One of three steamboats to carry the name, the Des Arc was built at Paducah, Ky., in 1862. Records state that the wooden hull (205 feet in length by 31 feet in width with a depth of 6 feet) was constructed at New Albany, Ind, and the tonnage was 276. Three boilers supplied steam to engines having 19-inch cylinders with a 6-foot stroke.
The sidewheeler was ordered by Capt. Hicks King to run in the Memphis-Cairo trade. Shortly thereafter, the riverboat, under the command of Capt. Chenoweth, was entered into a contract with the Archer Line for U.S. mail delivery from Memphis to Duvall’s Bluff on the White River. Freight was then conveyed by rail to Little Rock on the Arkansas River.
The Archer firm was also composed of the packets Commercial and Emma No. 2.
The Des Arc’s initial departure for White River was on December 16, 1862, with the owner, Capt. King, in command. By Christmas, the steamboat was serving as Division Headquarters for the First Division (near Vicksburg) of the Thirteenth Army Corps, with General A.J. Smith commanding. At the time, Gen. William Tecumseh Sherman was preparing to send 11 gunboats and 59 transports (packet boats) 13 miles up the Yazoo River in an attempt to land thousands of troops and take Vicksburg from the rear. A telegram sent to Richmond, Va., on January 2, 1863, by Lt. Gen. J.C. Pemberton, Confederate commander at Vicksburg, read: “The enemy, finding all his efforts unavailing to make any inroad upon our position here, has re-embarked, leaving a considerable quantity of entrenching tools and other property, and apparently has relinquished his designs upon Vicksburg.”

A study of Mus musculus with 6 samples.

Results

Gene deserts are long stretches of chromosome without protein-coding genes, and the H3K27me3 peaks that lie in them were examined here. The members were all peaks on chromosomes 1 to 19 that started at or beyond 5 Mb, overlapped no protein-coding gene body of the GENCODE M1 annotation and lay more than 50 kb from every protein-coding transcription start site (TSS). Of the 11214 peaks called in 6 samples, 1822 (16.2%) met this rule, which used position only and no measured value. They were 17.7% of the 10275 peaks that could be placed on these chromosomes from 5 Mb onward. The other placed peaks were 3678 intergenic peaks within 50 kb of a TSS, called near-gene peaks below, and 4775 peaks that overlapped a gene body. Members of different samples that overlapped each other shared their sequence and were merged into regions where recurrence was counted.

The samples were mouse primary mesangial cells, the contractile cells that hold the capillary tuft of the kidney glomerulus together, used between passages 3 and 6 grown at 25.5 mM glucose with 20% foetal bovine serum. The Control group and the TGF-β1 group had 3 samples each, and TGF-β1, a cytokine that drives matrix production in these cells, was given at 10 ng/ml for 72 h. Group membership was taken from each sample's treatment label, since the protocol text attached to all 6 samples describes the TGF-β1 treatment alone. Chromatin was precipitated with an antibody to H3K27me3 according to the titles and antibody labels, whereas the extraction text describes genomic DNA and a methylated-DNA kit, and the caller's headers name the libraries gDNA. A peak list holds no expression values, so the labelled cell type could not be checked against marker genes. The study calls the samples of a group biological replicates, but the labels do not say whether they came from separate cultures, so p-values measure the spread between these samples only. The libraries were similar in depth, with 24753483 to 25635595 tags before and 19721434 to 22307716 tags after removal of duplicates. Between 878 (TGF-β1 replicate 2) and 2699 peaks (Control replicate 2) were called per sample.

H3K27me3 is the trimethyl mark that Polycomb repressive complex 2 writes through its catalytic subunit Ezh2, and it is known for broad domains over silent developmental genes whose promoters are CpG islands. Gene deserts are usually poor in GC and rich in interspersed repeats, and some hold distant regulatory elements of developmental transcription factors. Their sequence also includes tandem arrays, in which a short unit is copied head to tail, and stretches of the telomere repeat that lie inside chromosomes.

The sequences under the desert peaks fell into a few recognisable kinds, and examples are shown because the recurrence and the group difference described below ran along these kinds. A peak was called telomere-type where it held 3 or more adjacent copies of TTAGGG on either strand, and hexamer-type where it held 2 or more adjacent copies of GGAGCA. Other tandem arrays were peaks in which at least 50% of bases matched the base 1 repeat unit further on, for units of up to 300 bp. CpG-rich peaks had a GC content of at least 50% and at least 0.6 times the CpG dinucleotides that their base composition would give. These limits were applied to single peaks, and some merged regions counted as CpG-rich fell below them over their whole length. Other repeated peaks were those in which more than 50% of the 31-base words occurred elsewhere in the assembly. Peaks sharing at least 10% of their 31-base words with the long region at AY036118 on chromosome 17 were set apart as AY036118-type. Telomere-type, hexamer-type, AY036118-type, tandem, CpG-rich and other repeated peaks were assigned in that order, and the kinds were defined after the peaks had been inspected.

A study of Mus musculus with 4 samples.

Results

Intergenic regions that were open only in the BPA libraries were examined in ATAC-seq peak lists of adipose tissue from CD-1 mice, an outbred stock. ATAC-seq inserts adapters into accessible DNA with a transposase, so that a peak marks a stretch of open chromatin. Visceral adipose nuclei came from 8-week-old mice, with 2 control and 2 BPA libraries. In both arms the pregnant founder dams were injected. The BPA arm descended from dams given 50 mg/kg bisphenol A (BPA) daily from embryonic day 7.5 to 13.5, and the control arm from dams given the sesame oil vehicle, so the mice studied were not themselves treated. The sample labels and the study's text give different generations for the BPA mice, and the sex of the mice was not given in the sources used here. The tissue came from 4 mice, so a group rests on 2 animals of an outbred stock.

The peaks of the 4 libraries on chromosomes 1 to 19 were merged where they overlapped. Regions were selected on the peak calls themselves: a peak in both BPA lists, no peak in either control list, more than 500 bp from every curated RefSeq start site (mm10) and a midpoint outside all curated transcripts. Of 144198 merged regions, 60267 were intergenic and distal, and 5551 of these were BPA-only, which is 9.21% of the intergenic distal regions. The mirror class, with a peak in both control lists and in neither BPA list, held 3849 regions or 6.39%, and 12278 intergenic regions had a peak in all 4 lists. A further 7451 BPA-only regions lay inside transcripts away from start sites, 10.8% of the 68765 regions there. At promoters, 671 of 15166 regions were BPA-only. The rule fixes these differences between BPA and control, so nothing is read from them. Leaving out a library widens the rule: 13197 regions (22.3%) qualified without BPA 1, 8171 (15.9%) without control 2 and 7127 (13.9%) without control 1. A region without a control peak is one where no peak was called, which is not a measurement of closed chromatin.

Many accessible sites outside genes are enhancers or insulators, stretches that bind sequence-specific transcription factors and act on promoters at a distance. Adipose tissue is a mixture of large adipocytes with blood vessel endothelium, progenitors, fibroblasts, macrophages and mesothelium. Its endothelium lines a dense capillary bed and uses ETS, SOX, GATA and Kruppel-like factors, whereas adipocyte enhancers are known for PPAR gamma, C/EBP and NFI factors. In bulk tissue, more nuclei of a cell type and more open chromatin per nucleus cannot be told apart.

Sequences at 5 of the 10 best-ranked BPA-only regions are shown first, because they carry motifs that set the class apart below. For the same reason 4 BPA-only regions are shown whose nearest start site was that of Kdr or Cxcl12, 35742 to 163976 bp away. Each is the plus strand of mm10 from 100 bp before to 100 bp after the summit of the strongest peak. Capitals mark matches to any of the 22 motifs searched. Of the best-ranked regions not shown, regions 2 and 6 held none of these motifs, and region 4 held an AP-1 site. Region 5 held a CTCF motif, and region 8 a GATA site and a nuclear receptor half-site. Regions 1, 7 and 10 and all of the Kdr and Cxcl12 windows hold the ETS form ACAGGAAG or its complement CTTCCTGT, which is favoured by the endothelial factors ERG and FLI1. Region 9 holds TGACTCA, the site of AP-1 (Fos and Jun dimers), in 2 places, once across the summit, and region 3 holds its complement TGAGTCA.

For many years, river historians supposed the Des Arc had been set ablaze by a gunboat and destroyed in March of 1864. However, later research by Capt. Sam G. Smith, then managing editor of The Waterways Journal, revealed that what actually happened was that the boat did catch fire at Duvall’s Bluff; the U.S. gunboat fired a shot into the hull of the Des Arc to sink, and save, the steamboat. The maneuver worked and the riverboat was raised and repaired to continue in service.
Records of the Steamboat Inspection Service state that the boat was inspected on September 30, 1868, and during the calendar years of 1869 and 1870 until it was abandoned and dismantled in 1871.
The Des Arc’s machinery was salvaged and recycled for use on the steamer Emma C. Elliott, a sidewheeler built by the Howard Shipyard at Jeffersonville, Ind., in 1871. This steamboat, like the Des Arc, ran in the Memphis and White River trade, although its hull was 8 feet longer and 5 feet wider than that of its predecessor. The steamer was later acquired by the famous Anchor Line to run in the St. Louis and Grand Tower trade. The boat was last used in the construction project of the Merchants Bridge at St. Louis in 1889 through 1900; the vessel was then sold to the firm of P. Manion & Company, St. Louis, which dismantled it.
Caption for photo: The steamer Des Arc at a White River landing in Arkansas.